A polluting gold mine in central Thailand, owned by Australian company Kingsgate that was closed by the government, has been allowed to reopen, reports Tim Ginty.
Despite growing number of democracy activists facing charges under Thailand's notorious lèse majesté law, the youth-led movement keeps up its mass mobilisations, reports Peter Boyle.
A week after the Thai regime issued an emergency decree banning gatherings of more than five people, Peter Boyle reports the Free Youth student-led democracy movement has been staging nightly mass gatherings around the country.
The growing wave of student-initiated democracy protests sweeping Thailand since February are shaking the military coup-installed regime, writes Peter Boyle.
Green Left speaks to Kanyanatt Kalfagiannis, a Thai democracy activist currently studying in Australia, about the growing pro-democracy movement in Thailand.
Peter Boyle reports that at the conclusion of a 30,000-strong rally in Bangkok, the young organisers of a new democracy movement called for a general strike on the anniversary of the 1973 student uprising that brought down the Thanom Kittikachorn military dictatorship.
Thousands of students rallied on August 10 at Thammasat University in Bangkok, an iconic place in Thailand's long history of pro-democracy struggles, in the largest of a string of student-led protests since July 18, reports Peter Boyle.
Left and progressive groups are concerned for the safety of Wanchalearm Satsaksit, a Thai political dissident who has been living in exile in Cambodia, and are calling on the Cambodian government to act immediately to launch an investigation into his abduction, locate him and ensure his safety.
This Australian-made film dramatises the experience of a 14-year-old Cambodian boy who is tricked into boarding a fishing vessel, where he is enslaved.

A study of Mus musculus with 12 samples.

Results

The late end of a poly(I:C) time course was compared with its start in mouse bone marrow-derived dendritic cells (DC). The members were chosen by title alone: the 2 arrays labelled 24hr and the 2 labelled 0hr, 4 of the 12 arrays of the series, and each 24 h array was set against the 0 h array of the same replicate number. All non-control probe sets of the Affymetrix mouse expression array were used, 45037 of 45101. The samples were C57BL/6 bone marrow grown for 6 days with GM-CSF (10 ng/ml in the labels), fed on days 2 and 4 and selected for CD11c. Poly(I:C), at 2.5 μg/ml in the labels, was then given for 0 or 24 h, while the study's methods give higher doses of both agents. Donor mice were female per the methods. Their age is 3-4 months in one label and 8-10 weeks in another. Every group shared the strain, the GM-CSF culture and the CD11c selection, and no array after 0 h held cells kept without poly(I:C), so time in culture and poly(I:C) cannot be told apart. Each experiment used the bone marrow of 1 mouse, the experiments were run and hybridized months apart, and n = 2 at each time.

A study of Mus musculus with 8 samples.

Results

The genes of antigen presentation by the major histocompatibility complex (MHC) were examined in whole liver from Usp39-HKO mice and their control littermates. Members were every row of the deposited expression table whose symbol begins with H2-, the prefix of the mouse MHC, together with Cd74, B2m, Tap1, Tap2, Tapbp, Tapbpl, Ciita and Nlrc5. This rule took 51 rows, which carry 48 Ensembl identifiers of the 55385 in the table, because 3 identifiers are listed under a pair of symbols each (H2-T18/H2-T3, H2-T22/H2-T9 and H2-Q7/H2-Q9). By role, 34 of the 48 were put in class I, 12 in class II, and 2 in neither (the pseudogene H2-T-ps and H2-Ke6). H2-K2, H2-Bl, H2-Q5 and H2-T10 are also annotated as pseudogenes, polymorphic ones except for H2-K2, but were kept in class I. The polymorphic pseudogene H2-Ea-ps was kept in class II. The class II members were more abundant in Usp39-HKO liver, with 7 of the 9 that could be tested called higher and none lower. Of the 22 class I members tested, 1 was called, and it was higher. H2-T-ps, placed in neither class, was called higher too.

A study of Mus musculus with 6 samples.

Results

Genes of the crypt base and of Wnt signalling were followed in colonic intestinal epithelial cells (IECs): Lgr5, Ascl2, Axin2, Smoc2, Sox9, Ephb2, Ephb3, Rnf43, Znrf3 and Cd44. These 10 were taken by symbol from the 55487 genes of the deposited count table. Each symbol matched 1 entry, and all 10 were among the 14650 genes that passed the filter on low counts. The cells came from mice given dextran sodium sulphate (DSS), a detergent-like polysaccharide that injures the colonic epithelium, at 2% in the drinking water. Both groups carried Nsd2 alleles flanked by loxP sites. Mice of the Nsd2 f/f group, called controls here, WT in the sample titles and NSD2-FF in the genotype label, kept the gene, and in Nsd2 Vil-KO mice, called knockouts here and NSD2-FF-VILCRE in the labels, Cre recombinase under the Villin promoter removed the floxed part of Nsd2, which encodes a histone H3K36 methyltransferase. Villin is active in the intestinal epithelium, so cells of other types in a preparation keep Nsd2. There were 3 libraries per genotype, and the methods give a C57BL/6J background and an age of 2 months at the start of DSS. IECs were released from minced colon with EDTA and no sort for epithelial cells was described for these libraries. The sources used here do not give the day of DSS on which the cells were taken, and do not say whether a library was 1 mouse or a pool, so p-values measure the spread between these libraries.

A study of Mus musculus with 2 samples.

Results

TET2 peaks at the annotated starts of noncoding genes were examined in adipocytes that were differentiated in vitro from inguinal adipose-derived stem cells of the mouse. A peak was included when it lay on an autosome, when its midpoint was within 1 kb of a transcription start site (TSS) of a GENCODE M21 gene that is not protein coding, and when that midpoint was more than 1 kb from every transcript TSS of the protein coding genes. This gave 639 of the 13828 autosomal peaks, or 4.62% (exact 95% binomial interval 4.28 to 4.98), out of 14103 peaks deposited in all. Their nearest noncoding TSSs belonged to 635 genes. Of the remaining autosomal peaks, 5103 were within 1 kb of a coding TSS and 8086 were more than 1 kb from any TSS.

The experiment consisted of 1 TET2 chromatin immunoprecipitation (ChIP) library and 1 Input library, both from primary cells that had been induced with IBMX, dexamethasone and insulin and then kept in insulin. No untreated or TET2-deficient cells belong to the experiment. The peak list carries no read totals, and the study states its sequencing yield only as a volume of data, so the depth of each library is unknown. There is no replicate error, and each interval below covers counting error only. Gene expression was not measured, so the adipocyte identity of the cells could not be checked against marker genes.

Dr Pavin Chachavalpongpun, an associate professor at the Centre for Southeast Asian Studies at Kyoto University, has since 2014 been branded an 'enemy of the state' by Thai authorities. He spoke to Green Left Weekly's Peter Boyle.
As Thailand's military dictator, Prime Minister and former General Prayut Chan-o-cha visited Europe last week in a desperate attempt to woo more foreign investment, Thai democracy rights protesters rallied in Paris, London and Bonn, calling for his arrest for crimes against his own people. They also called upon European governments to put human rights before profits.
The pictures of thousands of Thais crying and wearing black after the death of King Pumipon might lead a sane person to conclude that most Thais were political half-wits with a slave-like mentality. That would be a wrong conclusion.
We have to factor in the royalist military repression. Anyone criticising the king can be jailed under the draconian lese-majeste (insulting the monarch) law. Added to this is the green light given by the junta for mobs of fanatical royalists to “deal” with dissidents.